NFL: Cleveland Browns at Tampa Bay Buccaneers Kim Klement-USA TODAY Sports

I don’t personally watch “Hard Knocks” on HBO and don’t plan to for various reasons — but a lot of people do and a lot of people seem to like it. So I was unaware that Jeremy McNichols, one of the members of the San Francisco 49ers practice squad, was a pretty big deal on the current season of the show, which features the Tampa Bay Buccaneers.

McNichols spent time with the Buccaneers this offseason, and when he didn’t make the team’s 53-man roster, they expected he would sign to the practice squad. He did not, and instead joined the 49ers. I’m not sure I think that was the smartest decision for him given the 49ers’ collection of young runners, but it’s still the decision he made.

Apparently, it was a little more dramatic than that, at least according to the TV show (and we all know nothing on TV is over-dramatized). Matt Maiocco of CSN Bay Area went ahead and noted a conversation from the show between Buccaneers head coach Dirk Koetter and McNichols from Tuesday’s season finale.

That conversation saw Koetter telling McNichols that he was going to be waived. It also saw Koetter suggest that he didn’t expect to be doing this and that something simply didn’t work out with McNichols, who says that he wanted to stick around with the Buccaneers.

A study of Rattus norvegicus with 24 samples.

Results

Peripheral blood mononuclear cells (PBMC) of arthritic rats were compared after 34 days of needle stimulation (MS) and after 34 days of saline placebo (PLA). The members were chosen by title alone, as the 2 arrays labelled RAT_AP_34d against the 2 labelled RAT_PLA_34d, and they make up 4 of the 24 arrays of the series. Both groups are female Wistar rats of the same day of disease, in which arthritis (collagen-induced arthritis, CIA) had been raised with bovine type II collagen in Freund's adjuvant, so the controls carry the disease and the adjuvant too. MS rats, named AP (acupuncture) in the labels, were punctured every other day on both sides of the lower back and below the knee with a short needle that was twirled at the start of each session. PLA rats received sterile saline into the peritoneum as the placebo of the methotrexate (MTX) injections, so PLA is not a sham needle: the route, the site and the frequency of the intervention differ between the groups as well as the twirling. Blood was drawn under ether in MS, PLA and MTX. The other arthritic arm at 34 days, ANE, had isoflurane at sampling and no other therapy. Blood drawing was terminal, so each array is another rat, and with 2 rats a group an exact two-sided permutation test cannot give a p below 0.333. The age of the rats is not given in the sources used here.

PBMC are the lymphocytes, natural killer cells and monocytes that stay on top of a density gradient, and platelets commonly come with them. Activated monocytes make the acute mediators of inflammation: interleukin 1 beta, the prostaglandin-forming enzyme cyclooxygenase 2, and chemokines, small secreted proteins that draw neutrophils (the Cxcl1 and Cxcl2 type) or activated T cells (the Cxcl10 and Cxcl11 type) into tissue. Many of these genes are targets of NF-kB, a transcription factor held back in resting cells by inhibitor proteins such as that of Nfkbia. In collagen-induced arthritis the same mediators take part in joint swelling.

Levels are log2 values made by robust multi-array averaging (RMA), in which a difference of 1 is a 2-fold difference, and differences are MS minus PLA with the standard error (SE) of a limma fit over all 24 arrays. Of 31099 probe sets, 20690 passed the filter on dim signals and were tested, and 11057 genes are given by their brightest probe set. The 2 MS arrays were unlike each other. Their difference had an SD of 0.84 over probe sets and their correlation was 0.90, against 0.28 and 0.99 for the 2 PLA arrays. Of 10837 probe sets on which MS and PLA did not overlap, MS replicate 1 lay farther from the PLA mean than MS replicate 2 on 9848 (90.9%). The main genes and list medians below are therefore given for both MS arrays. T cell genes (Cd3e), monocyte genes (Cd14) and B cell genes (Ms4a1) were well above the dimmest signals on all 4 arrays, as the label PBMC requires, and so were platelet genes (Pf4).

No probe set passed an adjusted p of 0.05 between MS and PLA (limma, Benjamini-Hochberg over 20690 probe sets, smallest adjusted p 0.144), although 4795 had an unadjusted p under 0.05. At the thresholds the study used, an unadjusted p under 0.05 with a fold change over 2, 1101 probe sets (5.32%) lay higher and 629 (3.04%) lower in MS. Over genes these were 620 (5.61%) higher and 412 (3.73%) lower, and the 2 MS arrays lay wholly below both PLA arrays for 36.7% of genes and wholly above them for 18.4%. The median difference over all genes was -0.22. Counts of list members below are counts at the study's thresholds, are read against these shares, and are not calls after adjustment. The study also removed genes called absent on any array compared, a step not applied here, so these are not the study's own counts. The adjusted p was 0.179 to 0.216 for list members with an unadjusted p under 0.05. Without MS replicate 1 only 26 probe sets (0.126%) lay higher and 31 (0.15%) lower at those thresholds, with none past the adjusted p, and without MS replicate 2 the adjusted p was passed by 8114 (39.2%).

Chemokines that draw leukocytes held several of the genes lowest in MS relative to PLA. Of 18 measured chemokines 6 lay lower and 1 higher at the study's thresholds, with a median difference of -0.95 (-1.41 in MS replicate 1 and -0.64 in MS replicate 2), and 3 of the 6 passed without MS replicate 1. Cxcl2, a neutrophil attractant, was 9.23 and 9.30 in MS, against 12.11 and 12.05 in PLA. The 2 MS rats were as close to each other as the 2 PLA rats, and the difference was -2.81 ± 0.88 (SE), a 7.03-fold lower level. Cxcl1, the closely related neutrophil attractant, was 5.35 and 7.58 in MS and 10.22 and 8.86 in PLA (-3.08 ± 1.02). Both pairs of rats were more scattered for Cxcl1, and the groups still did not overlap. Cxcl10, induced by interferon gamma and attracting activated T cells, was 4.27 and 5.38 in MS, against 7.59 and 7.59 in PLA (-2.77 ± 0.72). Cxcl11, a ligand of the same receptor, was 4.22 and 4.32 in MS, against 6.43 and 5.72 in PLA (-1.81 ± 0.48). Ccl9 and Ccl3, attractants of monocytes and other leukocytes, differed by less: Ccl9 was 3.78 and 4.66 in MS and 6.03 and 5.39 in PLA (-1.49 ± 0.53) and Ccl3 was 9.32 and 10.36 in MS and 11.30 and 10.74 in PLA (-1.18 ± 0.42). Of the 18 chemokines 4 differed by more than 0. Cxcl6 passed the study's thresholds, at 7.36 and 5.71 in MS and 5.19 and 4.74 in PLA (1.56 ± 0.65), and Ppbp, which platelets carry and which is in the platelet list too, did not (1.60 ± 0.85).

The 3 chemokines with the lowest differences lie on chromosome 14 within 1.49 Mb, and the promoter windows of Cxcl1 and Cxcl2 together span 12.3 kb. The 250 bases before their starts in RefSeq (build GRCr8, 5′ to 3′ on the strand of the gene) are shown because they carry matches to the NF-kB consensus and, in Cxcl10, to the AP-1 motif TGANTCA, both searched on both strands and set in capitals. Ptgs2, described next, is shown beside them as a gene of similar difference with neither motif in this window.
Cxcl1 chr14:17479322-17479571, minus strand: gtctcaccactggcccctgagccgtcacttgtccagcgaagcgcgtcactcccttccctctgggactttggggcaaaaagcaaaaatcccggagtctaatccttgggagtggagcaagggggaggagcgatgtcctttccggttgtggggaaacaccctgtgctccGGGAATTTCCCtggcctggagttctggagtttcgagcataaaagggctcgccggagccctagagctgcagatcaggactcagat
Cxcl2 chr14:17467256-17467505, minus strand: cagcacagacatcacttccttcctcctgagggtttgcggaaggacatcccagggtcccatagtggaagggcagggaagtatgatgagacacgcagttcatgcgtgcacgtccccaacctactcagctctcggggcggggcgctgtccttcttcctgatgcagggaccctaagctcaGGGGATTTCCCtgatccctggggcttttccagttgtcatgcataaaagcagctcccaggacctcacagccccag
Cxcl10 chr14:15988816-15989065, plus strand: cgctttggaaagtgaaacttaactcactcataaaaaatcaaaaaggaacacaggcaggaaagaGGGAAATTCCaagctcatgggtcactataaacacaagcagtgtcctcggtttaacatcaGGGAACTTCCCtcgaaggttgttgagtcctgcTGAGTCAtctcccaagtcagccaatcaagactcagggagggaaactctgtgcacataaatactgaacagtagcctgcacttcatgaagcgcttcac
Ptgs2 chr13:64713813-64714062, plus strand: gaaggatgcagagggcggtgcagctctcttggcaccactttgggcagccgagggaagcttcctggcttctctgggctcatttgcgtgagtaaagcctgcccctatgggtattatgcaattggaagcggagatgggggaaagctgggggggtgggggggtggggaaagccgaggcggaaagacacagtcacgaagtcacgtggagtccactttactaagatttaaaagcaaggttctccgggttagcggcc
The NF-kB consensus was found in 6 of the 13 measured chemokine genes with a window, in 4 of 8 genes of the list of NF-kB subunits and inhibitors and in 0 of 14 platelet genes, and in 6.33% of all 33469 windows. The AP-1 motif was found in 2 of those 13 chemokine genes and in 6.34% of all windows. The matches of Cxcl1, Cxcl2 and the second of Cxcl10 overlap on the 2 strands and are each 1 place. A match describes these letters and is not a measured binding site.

It then shows Buccaneers general manager Jason Licht apparently angry that McNichols signed with the 49ers instead of the Buccaneers, and implied that McNichols got his feelings hurt and that the running back “bailed” on his former team. He also said some things that would violate [site decorum], but you can use your imagination with context from Maiocco’s writeup.

As an aside, this is the most revealing aspect to me, and kind of silly given how often the NFL and executives with NFL teams try and emphasize the business-like nature of the league. A general manager throwing a fit over a player making a business decision seems hilarious and also a little sad given the current state of the NFL.

Anyway — the whole back-and-forth is very interesting. I don’t really know how much of it is for the sake of the TV show and how much of it is legitimate, but it is interesting and you should read Maiocco’s piece, which transcribes the conversations referenced above.